It would have been hard to write about anything other than September 11th today, though I’m not sure that actually writing about it is any less hard. I think about it every year on the day, as so many of us do. I actually think about it every time I happen look at my watch, on any day, at precisely 9:11. I think a lot of us who remember that day experience some version of this – we have something that instantly brings the day to mind, even if in the abstract. I don’t relive the specific sadness and fear of 9/11/01 when these little reminders come around (I know some do), it’s just that 9/11/01 is never not there.
I am amazed at the specificity with which I remember how things unfolded. I was in 10th-grade French class at my high school in downtown Boston. I must have been facing the door to the classroom, because I was still getting up from my chair when someone opened the door and I saw Bonnie, our nanny at the time, hovering outside waiting for me. “Something happened in the city,” she said, “and I’ve been trying to call your dad and he’s not picking up.” I didn’t immediately understand – either which city she meant or why she would be calling my dad – but when we went to the main office, the school director didn’t even ask, she just signed me out. Our next stop was to pick up her husband at his office, then to my younger brother’s school to get him. We turned the radio on in the car and that was the first time I started to hear actual details. That city. Thosetowers. I had not remembered that my dad was in New York City that day. My brain rushed in to protect him. I remember feeling certain that he wasn’t that close to the towers, and I imagined him doing what we were doing, listening to the news and staying safe. I needed those self-defense mechanisms in place, as fantastical as they turned out to be. Dad would later tell us (although if I allowed myself to think about it, I would have known) that he was right downtown in the financial district, blocks from the World Trade Center. He never went to New York for any reason other than meetings in the financial district. He saw the second tower get hit. He did actually make it home that day, but only because he managed to team up with some people who managed to find a rental car and get out of the city before the bridges got closed down. When I think about the day – really think about it beyond just the little knee-jerk reminder of the 9:11 on my watch – I think about all the people who went through what my dad did. There is something so specific about the numb shock of having survived a day like that day unscathed – having actually seen it in person – and then getting in a car and sitting in traffic for hours and hours with nothing to do but think about it. Of course, these people were the lucky ones, and of course they knew that as well as anyone.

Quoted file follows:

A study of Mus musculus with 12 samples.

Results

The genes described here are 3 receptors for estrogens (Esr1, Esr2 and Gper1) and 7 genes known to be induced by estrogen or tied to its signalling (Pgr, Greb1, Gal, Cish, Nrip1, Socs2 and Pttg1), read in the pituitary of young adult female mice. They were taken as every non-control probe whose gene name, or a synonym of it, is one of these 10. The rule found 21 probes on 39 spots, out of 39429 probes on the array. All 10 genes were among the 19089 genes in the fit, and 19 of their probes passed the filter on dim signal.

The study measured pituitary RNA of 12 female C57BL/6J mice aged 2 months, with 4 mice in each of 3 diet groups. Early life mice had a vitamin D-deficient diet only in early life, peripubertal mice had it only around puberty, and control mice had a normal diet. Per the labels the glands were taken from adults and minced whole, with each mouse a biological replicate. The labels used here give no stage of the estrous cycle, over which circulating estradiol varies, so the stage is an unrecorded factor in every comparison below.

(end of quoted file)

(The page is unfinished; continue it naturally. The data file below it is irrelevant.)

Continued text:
When my dad finally got home late that night, we were all up waiting for him – Bonnie, her husband Devon, Henry and me. Half our house was under construction at the time, so we were sitting in the living room which was also a temporary kitchen. We had watched a lot of news, a lot of footage of the second tower getting hit, and we were still piecing together the Pentagon story and the United 93 story. We didn’t stay up long after Dad came in – there wasn’t much to say. I think he probably told us a short version of what he had lived through that day, and I think I asked if he thought this would be on the front page of the newspaper in the morning. What I remember most about that day was him saying, “this will be on the front page of the newspaper tomorrow, and it will be a year from now. And we will still be talking about it ten years from now.”
At 15, ten years to me sounded like an eternity, but here we are, 17 years later, and we can convincingly say that 9/11/01 changed everything. My dad has said before that living through that day was part of what convinced him to write an email to Ann, the woman who would become my stepmom the following year. Another family friend told us recently that it was after 9/11 that he and his wife had reversed their long-standing decision to remain childless. I’ve listened to The Moth’s dedicated 9/11 story hours, read the writings of those who lost loved ones, and I’ve reflected on all the rawness of humanity that the day brought to light. Some of it is beautiful to see – people’s resilience, their personal awakenings, their resolutions to hug their children tightly, the kindness they showed to those in need. But the macro-level reactions to that day have been troubling and destructive and deeply damaging. If it happens again tomorrow, though, what will keep me up at night is the fear of what we, the U.S.A., will do in response. Where will it have taken us in 17 years, and who will have suffered because of our fear? I cannot think of 9/11 without thinking of ICE, of the Muslim ban, and of fact that Donald Trump is our president now. The war in Iraq, and the war in Afghanistan. The suspicion applied generously to Muslims in this country, every day. This year, I write with some amount of hope that we have a future in which security is not inextricably tied to fear-mongering.